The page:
The Battle Against Mental Health Issues in the Office

Mental health remains a big issue in the workplace today. Mostly because most organisations are unaware of its presence or maybe just disregard its existence. Well, it does exist, and it is affecting millions of employees, especially right now with the COVID-19 pandemic. According to the World Health Organisation (WHO), promoting mental health support and programs inside the workplace is good for morale, productivity and economic gains. Employees need more mental health support than ever now.

Consequences of Mental Health

The WHO also found that anxiety and depression cost the global economy USD 1 trillion or AUD 1.4 trillion annually. But money should be the least of our concern as mental health is truly a health crisis affecting many people as of this moment. Mental health problems result to both employees and employers suffering from poor productivity, lack of trust, active absenteeism, toxic work environments and bureaucratic constraints. These issues can also increase employee attrition and decrease retention.

These mental health barriers can impact an individual’s life inside and outside of the office. Even worse, it can affect other people, especially loved ones. It’s a chain reaction of negativity and stress that deteriorates the quality of life. All of you are surely aware of these, so why is it so hard for many organisations to talk about and accept the fact that is mental health? In addressing mental health issues inside the workplace, we are paving the way for professionals to not only feel valued but to find value in their respective roles and actually feel engaged and encouraged to work harder.

Mental Health in the Australian Workplace

The Safe Work Australia under the government reported work-related conditions or psychological injuries “have become a major concern in Australian workplaces.”

Australia is no stranger when it comes to mental health. According to the National Health Survey: first results with the reference period from 2017 to 2018, one in five Australians “had a mental or behavioural condition.” The report also found that there is an increase in people suffering from depression and anxiety disorders.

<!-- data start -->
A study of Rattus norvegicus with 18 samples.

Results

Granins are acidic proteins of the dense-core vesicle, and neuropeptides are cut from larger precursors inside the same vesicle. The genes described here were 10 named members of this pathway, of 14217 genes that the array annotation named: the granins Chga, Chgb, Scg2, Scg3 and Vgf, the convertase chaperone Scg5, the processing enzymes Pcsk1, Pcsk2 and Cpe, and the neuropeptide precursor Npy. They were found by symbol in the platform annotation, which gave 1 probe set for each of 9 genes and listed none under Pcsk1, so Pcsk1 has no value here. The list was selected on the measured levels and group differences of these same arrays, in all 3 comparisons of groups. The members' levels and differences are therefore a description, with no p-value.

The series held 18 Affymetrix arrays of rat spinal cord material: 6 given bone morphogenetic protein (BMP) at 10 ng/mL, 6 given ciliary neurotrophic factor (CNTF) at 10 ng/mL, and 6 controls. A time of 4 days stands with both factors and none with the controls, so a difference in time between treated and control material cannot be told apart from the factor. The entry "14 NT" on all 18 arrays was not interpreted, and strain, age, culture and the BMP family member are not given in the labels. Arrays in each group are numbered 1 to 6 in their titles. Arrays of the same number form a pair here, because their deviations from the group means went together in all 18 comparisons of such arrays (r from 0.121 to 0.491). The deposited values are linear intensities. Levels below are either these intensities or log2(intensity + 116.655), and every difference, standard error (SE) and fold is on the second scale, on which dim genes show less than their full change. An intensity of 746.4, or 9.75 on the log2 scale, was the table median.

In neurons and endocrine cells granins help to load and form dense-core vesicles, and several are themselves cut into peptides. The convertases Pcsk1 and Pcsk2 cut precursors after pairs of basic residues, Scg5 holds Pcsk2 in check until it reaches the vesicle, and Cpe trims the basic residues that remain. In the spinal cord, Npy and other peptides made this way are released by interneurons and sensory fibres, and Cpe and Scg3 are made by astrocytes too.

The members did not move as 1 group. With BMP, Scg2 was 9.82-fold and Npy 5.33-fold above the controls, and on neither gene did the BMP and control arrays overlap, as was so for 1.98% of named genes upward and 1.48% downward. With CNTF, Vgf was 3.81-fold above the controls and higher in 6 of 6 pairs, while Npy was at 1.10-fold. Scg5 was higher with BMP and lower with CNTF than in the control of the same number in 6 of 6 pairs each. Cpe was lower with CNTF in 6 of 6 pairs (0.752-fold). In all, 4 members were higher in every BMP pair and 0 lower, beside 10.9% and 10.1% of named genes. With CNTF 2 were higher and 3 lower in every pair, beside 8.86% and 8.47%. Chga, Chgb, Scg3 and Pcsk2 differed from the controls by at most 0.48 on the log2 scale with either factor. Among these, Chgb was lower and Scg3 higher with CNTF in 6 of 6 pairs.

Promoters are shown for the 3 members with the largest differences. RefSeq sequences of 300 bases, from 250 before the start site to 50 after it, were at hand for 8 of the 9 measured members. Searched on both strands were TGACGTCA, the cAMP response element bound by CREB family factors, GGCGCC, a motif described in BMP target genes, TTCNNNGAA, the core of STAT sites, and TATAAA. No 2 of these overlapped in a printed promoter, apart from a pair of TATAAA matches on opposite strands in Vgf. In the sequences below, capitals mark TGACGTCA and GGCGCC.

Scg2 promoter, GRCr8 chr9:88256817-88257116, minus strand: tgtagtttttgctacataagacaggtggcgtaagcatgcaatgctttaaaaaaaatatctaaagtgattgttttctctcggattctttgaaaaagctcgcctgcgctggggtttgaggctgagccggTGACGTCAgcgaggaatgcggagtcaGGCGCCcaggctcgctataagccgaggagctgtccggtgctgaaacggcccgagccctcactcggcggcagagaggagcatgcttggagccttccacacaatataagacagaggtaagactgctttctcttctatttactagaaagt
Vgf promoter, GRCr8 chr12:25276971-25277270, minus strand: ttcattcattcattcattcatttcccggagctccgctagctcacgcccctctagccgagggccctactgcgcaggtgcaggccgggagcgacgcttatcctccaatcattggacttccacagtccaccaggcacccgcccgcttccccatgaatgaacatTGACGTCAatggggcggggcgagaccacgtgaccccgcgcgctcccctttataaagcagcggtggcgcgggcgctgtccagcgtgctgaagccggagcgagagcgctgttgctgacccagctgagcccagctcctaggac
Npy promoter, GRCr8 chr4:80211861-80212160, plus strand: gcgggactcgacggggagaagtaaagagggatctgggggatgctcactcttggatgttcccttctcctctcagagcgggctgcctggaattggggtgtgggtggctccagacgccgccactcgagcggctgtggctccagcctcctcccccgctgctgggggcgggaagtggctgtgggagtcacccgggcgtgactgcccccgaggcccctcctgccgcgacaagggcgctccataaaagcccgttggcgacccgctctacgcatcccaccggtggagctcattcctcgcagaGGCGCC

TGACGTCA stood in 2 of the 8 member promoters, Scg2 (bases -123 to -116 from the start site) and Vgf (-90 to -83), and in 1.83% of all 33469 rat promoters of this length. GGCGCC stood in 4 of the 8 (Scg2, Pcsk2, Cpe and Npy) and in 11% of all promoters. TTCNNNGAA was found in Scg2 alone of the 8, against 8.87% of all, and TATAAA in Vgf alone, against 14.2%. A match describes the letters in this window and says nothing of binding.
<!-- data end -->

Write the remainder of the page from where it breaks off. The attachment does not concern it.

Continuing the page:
In a 2014 report about mental health in the Australian office by TNS Global and beyondblue, one in five Aussie employees reported having taken off days for feeling “mentally unwell.” In that report, 91% of employees believe that mental health initiatives and programs in the workplace are important. What more today?

The impact of this global pandemic on mental health is like no other. According to the June 2020 report of The Medical Journal of Australia (MJA), many Australians are experiencing serious depression, anxiety and irritability. To make things worse, some people are thinking they were better off dead. Other than the fear of contracting the virus, unemployment is a significant problem not only in Australia but around the globe. Millions of Australians were fired when thousands of businesses were forced to shut down temporarily or permanently.

So, we need to put our foot down and acknowledge the reality of mental health. That is the first step we take.

What’s next? Waging war against Mental Health Issues

Mental health is here, and it is here to stay. Under Australia’s WHS or harmonized work health and safety laws, there are extensive support, education and service programs for mental health-related issues. There is no magic cure for mental health problems inside the workplace and resolving it will take time. The most important thing we do as HR professionals is to strengthen our candidate care and employee engagement. Candidate care, as the gateway, should always be human-centric and compassionate, especially these days. According to the MJA, “The mental health of people who lost jobs will benefit from employment assistance that is emphatic, courteous and encouraging, and that does not rely exclusively on individual initiative to find jobs.”

HR must be strategic and empathic in battling mental health issues. This goes beyond workplace communication and the usual “be there for your employees.” You are already there for employees and now is the time for you to be proactive instead of reactive when it comes to different mental health issues.

It is important to tell your employees that things are not going to get better, for now, but it will eventually. We need to think of programs and activities that have long-lasting effects on our employees.